Well, praise be, and glory hallelujah. North Carolina finally seems to be ready to put the Civil War behind it.
The North Carolina Senate apologized Thursday for the Legislature's role in promoting slavery and Jim Crow laws that denied basic human rights to the state's black citizens.
As a native and life long resident of the "Old North State", I must say that it's about bloody time. I can only hope that the people of North Carolina, the average Joe's and Jane's, are in accord with the state legislature. Based on the attitude of the folk I grew up around, however, I have my doubts. Not to mention the still present racism, disrespect and denigration.
I grew up in one of the more backward areas of the state. My family moved there (in the early 1970‘s), from the next county over, when I was eight years old. My first day in my new school, I was stunned to find that I could barely understand my classmates’ speech. Turned out they were speaking a remnant of Elizabethan English, as their families had lived in the tucks and folds of the eastern escarpment of the Appalachian Mountains, and, until very recently, had little or no contact with the outside world.
There was another aspect of my new classroom that took a couple of days to sink in. All of my classmates were white. I (innocently) asked my teacher why this was so, and she replied “We don’t have any niggers here.” I’ll never forget hearing that. At my previous school, two of my best friends were black, and I honestly don’t remember anyone using the ‘n’ word [and by the way, I apologize for using it in the above quote - but it is a direct quote].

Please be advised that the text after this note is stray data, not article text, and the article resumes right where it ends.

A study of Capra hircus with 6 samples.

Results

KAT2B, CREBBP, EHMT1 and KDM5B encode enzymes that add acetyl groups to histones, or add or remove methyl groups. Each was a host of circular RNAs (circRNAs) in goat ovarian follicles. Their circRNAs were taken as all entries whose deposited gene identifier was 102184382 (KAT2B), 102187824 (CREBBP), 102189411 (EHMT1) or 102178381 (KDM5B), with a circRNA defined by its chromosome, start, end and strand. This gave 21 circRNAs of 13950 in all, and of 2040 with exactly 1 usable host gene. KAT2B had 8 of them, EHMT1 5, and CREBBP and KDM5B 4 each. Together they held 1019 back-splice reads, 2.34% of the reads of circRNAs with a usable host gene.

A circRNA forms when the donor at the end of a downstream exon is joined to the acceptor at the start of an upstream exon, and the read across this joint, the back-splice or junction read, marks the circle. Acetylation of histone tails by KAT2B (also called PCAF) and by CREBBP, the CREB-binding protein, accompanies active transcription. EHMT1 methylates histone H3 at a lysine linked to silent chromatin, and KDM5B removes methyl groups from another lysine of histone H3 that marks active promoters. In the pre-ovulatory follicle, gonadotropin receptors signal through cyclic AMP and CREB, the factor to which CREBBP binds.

Being a child, it didn’t take long for me to adapt to the language of my new classmates, and, before long, had developed new friendships. One of my new friends was a budding artist and liked to draw pictures of warships. They were always flying the Confederate ‘Stars and Bars’.
I had, for various reasons, the option of attending three of the four high schools in the county. However, two of those were all white (so much so that if a black family tried to send their children to one of them, they soon had a cross burning in their front yard), and that played a large role in my choice to attend the third, integrated, high school.
I was a band geek and book nerd in high school, but to the best of my recollection, ‘race’ relations were, for the most part, pretty good there. I have heard, however, from friends that were unable or unwilling to escape the area, that several years after we graduated, the school became very racially polarized.
I am a descendant of one of the families most responsible for the existence of slavery in the United States, as an ancestor of mine spoke up in the Second Continental Congress - and led southern states to not vote for independence unless wording banning slavery were removed from the Declaration. Therefore, I have always felt a personal shame regarding slavery and ethnic inequality. So these beginning steps by the North Carolina Legislature to right this historical wrong help lessen the burden on my ‘soul’, and hopefully will help to bring all of us together into a more peaceful rational and equal existence.